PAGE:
David Cameron made much of the Queen’s Speech being the agenda for a ‘Progressive, One-Nation Conservative Government’. But what does that mean?


Political ‘progressivism’ is a difficult concept to pin down. It began around the end of the nineteenth century, and advocated the application of ‘scientific’ principles to social affairs. Scientific method had produced great improvements in our understanding of the physical world, leading to rapid material progress. The progressive insisted that this physical progress was vital to the improvement of the human condition. And they further believed that the ‘scientific’ management of society would advance social and economic progress still further.

Progressive Conservatism tries to introduce such interventionist ideas (expressed largely in income redistribution and economic planning) into the paternalist but otherwise anti-interventionist Conservative mainstream. This by itself is a difficult balancing act. And authors from Adam Smith through Ludwig von Mises to F A Hayek have highlighted the unintended consequences of interventionism, noting the limits of our ability to understand society and make it do what we want. So Progressive Conservatism is both a tricky and potentially forlorn approach.

‘One Nation Conservatism’ is easier to pin down. It goes back to Benjamin Disraeli, whom David Cameron has cited as his favourite Conservative leader. Disraeli coined it round about 1845 as a warning against Britain becoming two ‘nations’ – rich and poor. Based on the idea that society was organic and that the different classes had social obligations to each other – particularly that the upper classes had an obligation to those below – it was a brilliant PR move. It at once suggested to the working classes that they could rely on Conservative paternalism, and that Disraeli’s Liberal opponents were selfish individuals who did not regard themselves as having any such obligation.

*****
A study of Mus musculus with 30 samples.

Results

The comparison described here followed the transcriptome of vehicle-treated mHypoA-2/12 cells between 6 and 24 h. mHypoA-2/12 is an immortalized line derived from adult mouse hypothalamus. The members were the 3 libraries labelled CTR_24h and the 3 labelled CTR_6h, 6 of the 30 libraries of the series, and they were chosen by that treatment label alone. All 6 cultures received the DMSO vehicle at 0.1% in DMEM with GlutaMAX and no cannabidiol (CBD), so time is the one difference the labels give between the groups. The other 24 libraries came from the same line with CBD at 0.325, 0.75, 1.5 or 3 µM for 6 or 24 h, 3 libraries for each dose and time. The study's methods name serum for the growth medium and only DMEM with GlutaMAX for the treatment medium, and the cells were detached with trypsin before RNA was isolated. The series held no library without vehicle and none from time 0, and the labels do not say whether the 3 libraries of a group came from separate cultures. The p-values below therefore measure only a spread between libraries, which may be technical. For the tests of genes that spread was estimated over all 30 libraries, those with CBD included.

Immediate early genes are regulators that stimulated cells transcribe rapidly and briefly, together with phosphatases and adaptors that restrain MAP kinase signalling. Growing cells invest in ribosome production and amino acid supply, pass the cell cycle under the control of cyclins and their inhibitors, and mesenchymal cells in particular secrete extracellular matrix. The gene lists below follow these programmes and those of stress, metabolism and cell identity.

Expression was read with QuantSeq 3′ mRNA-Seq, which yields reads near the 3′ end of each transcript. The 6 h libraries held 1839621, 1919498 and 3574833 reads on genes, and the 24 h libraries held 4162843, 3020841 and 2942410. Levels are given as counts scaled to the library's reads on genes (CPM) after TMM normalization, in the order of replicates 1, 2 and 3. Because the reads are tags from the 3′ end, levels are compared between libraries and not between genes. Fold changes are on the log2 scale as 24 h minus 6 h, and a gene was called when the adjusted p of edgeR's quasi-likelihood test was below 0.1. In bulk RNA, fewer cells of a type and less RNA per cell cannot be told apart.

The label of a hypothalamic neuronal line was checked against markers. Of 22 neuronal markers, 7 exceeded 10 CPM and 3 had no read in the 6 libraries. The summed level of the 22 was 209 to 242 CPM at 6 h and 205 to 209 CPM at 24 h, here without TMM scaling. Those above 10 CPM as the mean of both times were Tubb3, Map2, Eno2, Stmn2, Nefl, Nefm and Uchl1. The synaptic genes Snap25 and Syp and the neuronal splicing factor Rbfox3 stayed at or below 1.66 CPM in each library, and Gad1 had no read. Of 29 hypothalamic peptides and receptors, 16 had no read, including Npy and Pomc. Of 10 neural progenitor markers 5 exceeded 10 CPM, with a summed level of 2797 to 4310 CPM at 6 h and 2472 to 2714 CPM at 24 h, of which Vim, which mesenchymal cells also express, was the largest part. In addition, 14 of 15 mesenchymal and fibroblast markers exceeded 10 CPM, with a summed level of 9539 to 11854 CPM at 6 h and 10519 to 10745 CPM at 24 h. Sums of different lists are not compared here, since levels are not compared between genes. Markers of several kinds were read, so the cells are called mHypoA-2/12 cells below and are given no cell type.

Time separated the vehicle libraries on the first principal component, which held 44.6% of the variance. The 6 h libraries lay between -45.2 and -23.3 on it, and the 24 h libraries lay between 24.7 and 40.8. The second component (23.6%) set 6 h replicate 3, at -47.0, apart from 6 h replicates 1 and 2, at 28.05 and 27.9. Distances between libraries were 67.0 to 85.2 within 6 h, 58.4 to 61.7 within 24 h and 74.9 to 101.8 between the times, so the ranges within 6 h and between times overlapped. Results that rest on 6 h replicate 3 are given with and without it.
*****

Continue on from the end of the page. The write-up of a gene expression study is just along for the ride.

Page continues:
By the end of the nineteenth century, the Conservative Party had become more free-market and less interventionist, but after the depression era of the 1930s, and particularly after the Conservatives’ defeat by the radical postwar Atlee government, the One Nation phrase began to be used much more; so much so that people talked of a ‘postwar consensus’ between Labour and Conservative political movements. And more recently, after Margaret Thatcher’s more free-market policies were replaced by the dominant centralism of Tony Blair, the phrase has come back as the Prime Minister’s new watchword.

There is, however, a difference between these modern usages and Disraeli’s. Both agree that the rich have a duty to the poor. Disraeli regarded this a largely a duty of individuals to individuals. Given the expansion of government today, it has instead come to mean a duty of taxpayers to beneficiaries. Disraeli’s idea, that the better off should willingly be generous and honourable to others and ensure their equal treatment under the law, has morphed into the idea that the better off should be forced to pay higher taxes for the benefit of others, which of course treats people very differently under the law. It replaces the idea of an organic society that prompts natural interpersonal obligations, with the idea of a politically designed society whose leaders impose political and financial obligations on particular groups (of their choosing), to support (in ways of their choosing) other groups (of their choosing). Indeed, even to use Disraeli’s phrase (or even ‘Progressive’ and ‘Conservative’) for this seems to stretch the language beyond endurance.